Despite the challenges many Americans face in setting aside enough money to finance their golden years, experts say the retirement system is not a lost cause. But a few improvements—many already in the works—could make a big difference for savers.
It's not surprising that retirement—specifically, not having enough money to retire—is Americans' top financial concern, according to a 2014 Gallup poll. As the burden of saving for retirement has shifted from employers to workers, many are falling short. At the end of 2013, the median 401(k) account balance was just $18,433, according to the Employee Benefit Research Institute. Fees are eating into those meager balances—to the tune of as much as $17 billion a year, according to a recent report from the White House. Then after retirement, there's little guidance for savers to determine how to draw down accounts to stretch that nest egg.
"A do-it-yourself retirement system isn't any more feasible than a do-it-yourself health-care system," said Monique Morrissey, an economist with the liberal Economic Policy Institute specializing in retirement security. "People need to be guided."
Even those workers expecting a pension may not be in the clear. Pension obligations have outpaced funding in many plans. A recent CNBC analysis of financial data for 150 state and local pension plans found that only six were fully funded. Last year, Congress also eased rules allowing multi-employer pension plans to cut participants' benefits, after the government's Pension Benefit Guaranty Corporation estimated its program bailing out failed plans of that kind had a 90 percent chance of being exhausted by 2032.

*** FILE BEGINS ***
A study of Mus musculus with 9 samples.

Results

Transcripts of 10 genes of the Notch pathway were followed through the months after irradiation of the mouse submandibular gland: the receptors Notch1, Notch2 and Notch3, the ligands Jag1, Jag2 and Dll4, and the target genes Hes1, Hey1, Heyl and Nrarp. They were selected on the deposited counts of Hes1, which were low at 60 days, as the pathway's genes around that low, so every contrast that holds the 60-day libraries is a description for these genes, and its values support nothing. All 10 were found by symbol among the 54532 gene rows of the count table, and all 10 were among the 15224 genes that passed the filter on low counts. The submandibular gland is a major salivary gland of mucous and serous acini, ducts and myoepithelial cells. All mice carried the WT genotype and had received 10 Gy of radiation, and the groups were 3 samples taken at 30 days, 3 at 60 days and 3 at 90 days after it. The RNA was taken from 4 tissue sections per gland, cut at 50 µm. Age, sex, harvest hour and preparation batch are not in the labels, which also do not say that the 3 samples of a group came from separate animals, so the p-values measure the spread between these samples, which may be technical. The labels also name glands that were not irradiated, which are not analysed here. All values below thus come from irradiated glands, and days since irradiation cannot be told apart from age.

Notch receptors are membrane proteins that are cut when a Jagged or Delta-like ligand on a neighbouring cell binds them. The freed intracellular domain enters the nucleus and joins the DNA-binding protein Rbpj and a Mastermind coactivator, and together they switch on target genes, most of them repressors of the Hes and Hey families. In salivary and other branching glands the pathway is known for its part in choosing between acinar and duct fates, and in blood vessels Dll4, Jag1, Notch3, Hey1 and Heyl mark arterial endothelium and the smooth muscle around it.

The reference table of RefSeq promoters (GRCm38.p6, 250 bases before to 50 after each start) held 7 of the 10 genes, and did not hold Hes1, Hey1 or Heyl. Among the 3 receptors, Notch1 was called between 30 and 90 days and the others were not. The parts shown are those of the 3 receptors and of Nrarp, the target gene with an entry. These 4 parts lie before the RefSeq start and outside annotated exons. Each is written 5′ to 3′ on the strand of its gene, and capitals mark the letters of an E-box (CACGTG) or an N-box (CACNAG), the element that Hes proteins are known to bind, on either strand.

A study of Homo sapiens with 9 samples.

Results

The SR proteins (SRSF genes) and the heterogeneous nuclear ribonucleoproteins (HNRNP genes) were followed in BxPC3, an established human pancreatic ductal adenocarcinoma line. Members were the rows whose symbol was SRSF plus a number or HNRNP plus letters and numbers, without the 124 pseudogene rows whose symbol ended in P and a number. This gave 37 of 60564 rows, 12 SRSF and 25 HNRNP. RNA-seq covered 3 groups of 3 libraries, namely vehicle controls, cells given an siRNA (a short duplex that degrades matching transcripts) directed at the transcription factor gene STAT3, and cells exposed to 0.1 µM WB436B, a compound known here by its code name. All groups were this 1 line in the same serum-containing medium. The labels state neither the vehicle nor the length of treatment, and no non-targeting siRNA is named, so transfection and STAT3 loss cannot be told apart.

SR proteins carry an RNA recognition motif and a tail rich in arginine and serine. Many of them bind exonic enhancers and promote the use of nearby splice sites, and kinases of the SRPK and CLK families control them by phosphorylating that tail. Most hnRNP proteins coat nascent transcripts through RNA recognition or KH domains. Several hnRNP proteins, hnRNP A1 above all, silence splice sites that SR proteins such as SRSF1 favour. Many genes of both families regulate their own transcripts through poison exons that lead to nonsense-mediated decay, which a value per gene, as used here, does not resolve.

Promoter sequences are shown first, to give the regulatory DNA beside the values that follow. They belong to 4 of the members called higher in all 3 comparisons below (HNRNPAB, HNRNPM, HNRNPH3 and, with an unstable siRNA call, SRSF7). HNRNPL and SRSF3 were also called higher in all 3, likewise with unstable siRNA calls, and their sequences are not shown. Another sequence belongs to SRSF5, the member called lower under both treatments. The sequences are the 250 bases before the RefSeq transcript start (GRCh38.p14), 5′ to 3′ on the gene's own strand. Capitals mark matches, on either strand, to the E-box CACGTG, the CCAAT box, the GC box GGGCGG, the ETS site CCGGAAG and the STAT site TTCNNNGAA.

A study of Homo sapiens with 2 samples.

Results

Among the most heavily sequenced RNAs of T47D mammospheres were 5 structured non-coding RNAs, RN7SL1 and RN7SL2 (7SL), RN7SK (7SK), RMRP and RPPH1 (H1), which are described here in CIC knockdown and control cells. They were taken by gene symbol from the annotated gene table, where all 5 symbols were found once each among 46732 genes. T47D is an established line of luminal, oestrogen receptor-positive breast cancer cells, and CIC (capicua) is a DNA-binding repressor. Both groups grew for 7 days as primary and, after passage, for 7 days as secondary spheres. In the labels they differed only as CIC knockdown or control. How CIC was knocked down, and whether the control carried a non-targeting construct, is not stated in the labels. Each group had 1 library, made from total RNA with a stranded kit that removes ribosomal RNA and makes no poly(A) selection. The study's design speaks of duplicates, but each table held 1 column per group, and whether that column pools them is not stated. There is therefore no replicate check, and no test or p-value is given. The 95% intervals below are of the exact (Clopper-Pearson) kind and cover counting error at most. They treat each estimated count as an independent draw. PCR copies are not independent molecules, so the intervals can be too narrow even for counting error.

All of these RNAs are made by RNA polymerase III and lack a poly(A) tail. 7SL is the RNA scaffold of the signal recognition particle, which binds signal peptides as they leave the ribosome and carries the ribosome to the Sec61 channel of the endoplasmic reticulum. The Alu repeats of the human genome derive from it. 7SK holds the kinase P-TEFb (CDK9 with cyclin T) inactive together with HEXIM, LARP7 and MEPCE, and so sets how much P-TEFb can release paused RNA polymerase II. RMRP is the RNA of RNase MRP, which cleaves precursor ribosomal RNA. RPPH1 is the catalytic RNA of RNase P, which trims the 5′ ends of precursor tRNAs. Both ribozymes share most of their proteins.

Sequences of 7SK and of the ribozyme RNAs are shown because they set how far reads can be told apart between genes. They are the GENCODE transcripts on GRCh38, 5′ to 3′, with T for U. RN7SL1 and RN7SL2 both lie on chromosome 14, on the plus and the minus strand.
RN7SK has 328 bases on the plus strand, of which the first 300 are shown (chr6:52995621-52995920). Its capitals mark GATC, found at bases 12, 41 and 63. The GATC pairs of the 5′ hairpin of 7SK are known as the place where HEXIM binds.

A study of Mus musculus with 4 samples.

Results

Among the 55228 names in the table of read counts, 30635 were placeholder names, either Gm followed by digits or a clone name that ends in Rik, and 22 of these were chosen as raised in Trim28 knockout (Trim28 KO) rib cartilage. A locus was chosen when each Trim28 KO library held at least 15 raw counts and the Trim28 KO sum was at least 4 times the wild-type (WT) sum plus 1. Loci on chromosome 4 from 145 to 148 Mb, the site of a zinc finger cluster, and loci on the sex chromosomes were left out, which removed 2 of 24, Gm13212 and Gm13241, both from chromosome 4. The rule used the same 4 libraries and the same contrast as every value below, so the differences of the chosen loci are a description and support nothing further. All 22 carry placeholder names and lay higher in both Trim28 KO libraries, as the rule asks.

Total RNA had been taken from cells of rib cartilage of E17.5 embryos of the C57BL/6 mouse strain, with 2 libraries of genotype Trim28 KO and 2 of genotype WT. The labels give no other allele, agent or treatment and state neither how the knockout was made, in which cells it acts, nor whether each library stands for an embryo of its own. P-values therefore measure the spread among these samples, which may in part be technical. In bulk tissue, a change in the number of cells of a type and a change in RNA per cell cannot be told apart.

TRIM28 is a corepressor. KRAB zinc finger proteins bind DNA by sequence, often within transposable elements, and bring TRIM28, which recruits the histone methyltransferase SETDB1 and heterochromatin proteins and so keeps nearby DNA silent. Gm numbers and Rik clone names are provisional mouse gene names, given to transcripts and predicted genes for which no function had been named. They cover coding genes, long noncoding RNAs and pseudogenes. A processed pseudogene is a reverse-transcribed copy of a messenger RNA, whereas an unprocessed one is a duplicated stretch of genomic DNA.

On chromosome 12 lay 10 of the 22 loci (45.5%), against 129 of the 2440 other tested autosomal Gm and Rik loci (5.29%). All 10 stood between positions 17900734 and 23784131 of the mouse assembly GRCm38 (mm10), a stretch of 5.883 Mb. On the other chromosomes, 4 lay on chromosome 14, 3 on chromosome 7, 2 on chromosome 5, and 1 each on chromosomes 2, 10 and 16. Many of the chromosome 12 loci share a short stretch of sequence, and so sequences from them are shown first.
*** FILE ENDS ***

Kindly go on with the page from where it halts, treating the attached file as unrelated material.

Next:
"It sets a dangerous precedent," said Karen Friedman, executive vice president and policy director for the Pension Rights Center.
Then there's Social Security. Younger workers are losing confidence that the program will help them in retirement, and with good reason. The 2014 Social Security and Medicare Boards of Trustees report estimates that if Congress does not act, Social Security's trust funds will be depleted by 2033. After that, Social Security Administration income from payroll taxes will only be enough to cover three-quarters of the benefits promised retirees.
Industry groups, such as the Investment Company Institute, have called the retirement system "an American success story," noting that more than 80 percent of workers with access to retirement plans participate in them and those approaching retirement have an average combined balance of nearly $360,000 in their employer-sponsored retirement plans and IRAs.
"The U.S. retirement system—made up of Social Security, 401(k) plans, pensions, IRAs and homeownership—is strong and working for the vast majority of Americans," an institute spokesperson said. "Any changes should build on the system's successes by expanding access to savings opportunities for employers and workers."